Superficially A NIGHT IN PARADISE is simply another entry in the apparently limitless procession of Technicolor fantasies produced by Universal in the mid-Forties. Conceived on a larger budget than customary, Arthur Lubin's romance takes place in a fantasy Mediterranean island and involves the love-affair between Delarai (Merle Oberon) and the faithful poet/ philosopher Aesop.
Initially it seems as if the course of romance will never run smoothly. Aesop is relegated into the background, wearing a hirsute face-mask reminiscent of Universal horror films rather than its fantasies. Meanwhile Delarai becomes the object of materialist lust from mad King Croesus (Thomas Gomez), as well as the subject of revenge from evil sorcerer Attosa (Gale Sondergard). The film is gorgeously shot, emphasizing the rich sweetmeats and other goodies on offer that could tempt anyone - excepting Aesop, that is.
Yet the old poet undergoes something of a magical transformation as he throws off his mask and becomes Jason, the noble suitor in search of Delarai's hand. Turhan Bey instantly becomes a clean-shaven young man in white toga with dashing looks, just the kind or romantic property that anyone could wish for. The plot-development might seem ludicrous, but it has a serious point to make, as it asks us to reflect on the relationship between inner integrity and outward show: which quality really matters to the survival of humanity?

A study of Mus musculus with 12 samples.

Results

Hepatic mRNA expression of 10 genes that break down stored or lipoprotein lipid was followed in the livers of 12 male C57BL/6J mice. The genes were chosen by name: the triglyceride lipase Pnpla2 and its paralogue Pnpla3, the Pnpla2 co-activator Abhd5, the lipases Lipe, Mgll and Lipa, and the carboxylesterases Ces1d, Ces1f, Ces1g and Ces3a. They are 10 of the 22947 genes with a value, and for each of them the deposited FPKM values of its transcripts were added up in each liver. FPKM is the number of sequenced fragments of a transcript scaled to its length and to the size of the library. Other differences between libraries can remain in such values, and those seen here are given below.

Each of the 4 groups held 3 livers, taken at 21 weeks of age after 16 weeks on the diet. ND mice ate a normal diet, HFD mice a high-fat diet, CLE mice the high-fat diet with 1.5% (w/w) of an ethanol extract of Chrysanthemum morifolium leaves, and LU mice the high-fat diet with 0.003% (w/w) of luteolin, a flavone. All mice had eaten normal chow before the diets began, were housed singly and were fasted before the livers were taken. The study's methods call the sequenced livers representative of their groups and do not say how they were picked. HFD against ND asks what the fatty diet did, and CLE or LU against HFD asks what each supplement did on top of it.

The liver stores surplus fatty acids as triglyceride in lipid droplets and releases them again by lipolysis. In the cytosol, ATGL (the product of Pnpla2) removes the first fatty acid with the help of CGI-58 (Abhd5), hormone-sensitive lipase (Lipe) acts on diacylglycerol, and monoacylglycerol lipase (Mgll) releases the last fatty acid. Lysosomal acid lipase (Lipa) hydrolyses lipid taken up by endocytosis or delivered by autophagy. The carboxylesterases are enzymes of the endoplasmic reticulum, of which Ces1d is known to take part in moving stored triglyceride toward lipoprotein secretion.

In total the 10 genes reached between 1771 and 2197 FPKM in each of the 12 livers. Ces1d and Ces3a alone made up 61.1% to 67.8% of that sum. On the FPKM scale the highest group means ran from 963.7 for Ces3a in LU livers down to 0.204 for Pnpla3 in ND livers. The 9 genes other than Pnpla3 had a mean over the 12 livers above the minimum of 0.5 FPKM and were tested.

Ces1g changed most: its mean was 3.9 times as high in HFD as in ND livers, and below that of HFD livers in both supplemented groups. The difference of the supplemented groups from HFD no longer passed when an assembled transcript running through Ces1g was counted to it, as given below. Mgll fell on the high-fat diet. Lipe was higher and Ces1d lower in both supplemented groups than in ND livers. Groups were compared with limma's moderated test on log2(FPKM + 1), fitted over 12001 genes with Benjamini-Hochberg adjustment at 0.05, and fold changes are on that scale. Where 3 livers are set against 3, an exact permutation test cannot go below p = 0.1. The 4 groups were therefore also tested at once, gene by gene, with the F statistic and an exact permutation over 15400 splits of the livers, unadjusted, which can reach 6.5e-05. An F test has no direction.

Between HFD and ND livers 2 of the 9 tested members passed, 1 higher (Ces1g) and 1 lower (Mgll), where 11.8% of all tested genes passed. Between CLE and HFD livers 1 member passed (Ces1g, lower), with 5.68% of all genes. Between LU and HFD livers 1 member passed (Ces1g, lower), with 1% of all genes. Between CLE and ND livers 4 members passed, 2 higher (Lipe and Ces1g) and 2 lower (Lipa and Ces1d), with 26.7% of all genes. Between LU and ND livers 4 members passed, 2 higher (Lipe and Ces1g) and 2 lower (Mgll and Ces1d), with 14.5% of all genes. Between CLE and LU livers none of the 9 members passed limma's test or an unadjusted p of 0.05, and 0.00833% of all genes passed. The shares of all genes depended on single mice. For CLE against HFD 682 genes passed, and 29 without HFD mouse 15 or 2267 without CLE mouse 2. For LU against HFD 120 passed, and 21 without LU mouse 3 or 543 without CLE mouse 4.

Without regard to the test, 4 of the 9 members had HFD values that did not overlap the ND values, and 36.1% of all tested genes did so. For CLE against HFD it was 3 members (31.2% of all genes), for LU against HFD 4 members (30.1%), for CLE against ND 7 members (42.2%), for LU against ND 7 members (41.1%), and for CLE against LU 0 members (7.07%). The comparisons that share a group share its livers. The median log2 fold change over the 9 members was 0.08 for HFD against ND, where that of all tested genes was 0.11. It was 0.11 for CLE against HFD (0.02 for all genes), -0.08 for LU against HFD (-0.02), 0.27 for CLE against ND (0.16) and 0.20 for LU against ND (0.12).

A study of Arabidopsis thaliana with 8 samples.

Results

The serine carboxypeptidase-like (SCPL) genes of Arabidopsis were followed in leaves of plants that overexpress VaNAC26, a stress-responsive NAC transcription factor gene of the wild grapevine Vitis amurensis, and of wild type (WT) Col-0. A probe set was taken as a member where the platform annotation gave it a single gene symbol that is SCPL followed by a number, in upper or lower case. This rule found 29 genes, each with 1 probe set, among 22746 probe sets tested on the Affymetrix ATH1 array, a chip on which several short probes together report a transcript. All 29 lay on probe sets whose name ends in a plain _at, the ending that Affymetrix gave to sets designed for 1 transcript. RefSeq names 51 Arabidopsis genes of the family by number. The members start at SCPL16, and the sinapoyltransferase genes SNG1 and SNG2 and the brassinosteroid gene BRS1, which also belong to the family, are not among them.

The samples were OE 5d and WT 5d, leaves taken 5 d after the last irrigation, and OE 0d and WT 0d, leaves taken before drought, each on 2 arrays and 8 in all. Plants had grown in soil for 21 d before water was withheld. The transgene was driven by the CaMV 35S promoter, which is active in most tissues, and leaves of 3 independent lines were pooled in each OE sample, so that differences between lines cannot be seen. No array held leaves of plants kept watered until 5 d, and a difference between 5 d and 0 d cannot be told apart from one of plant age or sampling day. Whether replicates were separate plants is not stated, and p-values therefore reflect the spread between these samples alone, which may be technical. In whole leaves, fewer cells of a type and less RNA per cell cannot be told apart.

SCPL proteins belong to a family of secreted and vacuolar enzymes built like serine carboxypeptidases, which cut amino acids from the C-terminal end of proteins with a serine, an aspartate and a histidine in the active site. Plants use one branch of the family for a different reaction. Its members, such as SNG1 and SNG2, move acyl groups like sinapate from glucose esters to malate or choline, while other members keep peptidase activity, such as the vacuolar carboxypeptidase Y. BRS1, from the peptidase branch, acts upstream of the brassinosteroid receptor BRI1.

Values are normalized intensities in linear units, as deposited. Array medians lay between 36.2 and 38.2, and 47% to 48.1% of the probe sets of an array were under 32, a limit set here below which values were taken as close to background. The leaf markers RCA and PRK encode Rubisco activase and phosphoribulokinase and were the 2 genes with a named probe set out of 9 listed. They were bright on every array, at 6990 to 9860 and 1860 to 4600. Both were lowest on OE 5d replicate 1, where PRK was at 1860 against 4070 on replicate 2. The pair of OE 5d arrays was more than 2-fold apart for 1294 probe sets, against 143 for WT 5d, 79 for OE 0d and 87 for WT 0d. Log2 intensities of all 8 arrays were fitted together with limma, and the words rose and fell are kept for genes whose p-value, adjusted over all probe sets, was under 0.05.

The answer, of course, is straightforward. Delarai and Aesop/ Jason fall in love, but are condemned to death by a jealous Crassus. As they are about to die, they are miraculously rescued by Attosa, who pays tribute to their "love and faith" that remained undimmed. People matter more than things, and the two lovers deserve to be recognized for this.
Such was the optimistic message disseminated at the end of World War II, when the studios looked to forge harmony among previously warring nations. The point might look a bit hackneyed now, but it was meant sincerely in a highly entertaining piece.